How we shot a music video in a single day with an actress from a hit TV show for £800.
Minnie Driver is the debut single for Three Girl Rhumba. Starring Lucy Carless (Mattie, Channel 4's Humans) the video is a nostalgic narrative about the trials and tribulations of an intimate friendship.
Commissioned Via Radar Music Videos 2015.
This video was something of a minor miracle. The music was fantastic, but the budget was set at £500 and I knew it would be tough to do the track justice for that price. That said, I decided to send the band a short statement and few examples of my work. There was no pitch per-se, it was more of an introduction.
Tom Thurgood (lead singer) works in film production himself and was impressed by what our team had achieved previously. He reached out and was willing to put in an extra £300 on the condition that I could pool our team together for a narrative video. Narrative is always going to be tough on a tight budget, but Tom had connections to the Television Workshop and was keen to help us cast a strong actor in the lead role.
I went back to the drawing board and produced a loose story/character structure that I felt suited the nature of the track. I knew that so long as we could get a good cast together we would create something worthwhile. My previous few videos had been planned to the smallest detail and it felt like it was time to try something more loose and improvised. After all, if production can be summed up in one word, then it's collaboration.
Lucy Carless had just come off the back of a successful stint on Humans and happened to be a big fan of Three Girl Rhumba. Tom reached out to her and she was keen to come on board. On top of Lucy, I had a mental shortlist of local talent who I'd been wanting to work with for some time, so we made a few calls and within a matter of days our cast were locked in place.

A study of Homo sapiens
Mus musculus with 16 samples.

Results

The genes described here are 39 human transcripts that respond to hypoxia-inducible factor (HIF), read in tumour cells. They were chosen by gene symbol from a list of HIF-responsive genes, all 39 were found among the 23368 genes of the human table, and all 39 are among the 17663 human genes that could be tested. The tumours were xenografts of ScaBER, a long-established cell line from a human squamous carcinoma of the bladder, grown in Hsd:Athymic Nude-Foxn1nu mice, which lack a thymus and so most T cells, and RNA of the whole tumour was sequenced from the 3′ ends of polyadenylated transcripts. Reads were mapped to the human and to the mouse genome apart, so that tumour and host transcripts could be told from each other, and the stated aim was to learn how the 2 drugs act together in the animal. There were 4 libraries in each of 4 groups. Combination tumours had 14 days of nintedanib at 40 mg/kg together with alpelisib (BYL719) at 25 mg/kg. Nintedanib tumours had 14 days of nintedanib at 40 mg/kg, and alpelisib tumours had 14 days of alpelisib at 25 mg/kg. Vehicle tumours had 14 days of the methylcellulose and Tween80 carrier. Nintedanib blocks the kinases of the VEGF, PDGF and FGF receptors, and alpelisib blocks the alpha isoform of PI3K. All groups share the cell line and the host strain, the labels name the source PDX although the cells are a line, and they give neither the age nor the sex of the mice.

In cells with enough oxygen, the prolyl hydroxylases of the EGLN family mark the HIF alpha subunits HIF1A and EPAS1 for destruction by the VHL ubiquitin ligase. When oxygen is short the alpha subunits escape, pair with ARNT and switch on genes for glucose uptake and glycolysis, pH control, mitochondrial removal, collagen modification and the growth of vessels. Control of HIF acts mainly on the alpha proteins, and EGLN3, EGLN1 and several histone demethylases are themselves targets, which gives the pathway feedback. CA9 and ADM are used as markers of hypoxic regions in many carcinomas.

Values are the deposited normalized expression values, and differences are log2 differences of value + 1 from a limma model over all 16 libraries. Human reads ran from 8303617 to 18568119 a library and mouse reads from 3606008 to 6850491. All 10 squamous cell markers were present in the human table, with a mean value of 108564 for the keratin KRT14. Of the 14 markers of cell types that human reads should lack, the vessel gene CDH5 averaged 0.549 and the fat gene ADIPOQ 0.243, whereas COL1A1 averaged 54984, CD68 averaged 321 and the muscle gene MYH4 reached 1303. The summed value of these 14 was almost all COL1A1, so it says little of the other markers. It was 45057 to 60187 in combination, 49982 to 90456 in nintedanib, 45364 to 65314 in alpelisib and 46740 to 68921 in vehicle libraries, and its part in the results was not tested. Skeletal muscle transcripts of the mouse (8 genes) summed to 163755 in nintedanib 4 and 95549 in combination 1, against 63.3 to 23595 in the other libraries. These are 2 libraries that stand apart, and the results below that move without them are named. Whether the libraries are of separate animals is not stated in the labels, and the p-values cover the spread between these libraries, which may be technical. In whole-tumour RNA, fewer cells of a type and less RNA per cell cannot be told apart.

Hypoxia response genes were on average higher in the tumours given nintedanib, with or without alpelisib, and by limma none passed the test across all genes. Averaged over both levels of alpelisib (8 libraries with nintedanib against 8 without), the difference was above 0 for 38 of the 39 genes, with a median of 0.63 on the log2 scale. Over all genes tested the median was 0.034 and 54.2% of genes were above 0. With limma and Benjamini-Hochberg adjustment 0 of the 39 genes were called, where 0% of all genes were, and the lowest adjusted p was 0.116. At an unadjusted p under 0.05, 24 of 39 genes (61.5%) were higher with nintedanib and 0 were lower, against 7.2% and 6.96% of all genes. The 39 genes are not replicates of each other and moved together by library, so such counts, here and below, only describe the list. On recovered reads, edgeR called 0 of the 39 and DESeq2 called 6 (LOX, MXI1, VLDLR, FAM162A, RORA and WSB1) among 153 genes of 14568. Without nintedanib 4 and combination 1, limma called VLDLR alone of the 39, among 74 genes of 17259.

In order to make it work, we had to find dozens of locations within a small footprint. In total we did three separate location recces, building up a catalogue of stills and maps of varied and interesting spots. Combing this info with sunrise and sunset times, we were able to know exactly where we were going to be when the sun was at a certain height. After all, why hire in lights when you can use the biggest one in our solar system for free?
Karl Poyzer (Our DoP) and I had been talking about shooting on anamorphic lenses for some time. We loved the composition of 2:35:1 but always felt like we were 'cheating' a little by cropping in on 16:9 lenses so we made a creative decision early on to get hold of a set of Lomo's for the shoot.
The shoot itself happened to fall on the same day as a major marathon and pretty much every main road in or out of the city was closed for the day. Lauren Parker (Our Producer) had to meticulously plan every single journey in advance so that we wouldn't get trapped by any of the closures. Despite this, we were still hit by a traffic jam that cost us 2 hours of light and to top it off our AD got a flat tyre during a location move.
The pressure of having to pull off several set ups in a single day actually led to more creative freedom . I told the cast that I wanted them to lead us and not to think about the camera at all. They stayed in character pretty much the whole day and we dropped in and out, grabbing moments as they happened. Almost every shot in the video is a 1st take and if nothing else, it's a testament to the quality of performance our cast achieved.
If I came away from this video with anything it's that the less you set in stone, the more freedom people have to be creative. It was nerve-wracking going into a shoot without a shot list, but it was also liberating. Everyone on board the project gave 100% and I was humbled to be surrounded by such a talented bunch of people. Oh, and also, always feed people well. We spent 1/8th our budget on catering. A well fed crew are a happy crew!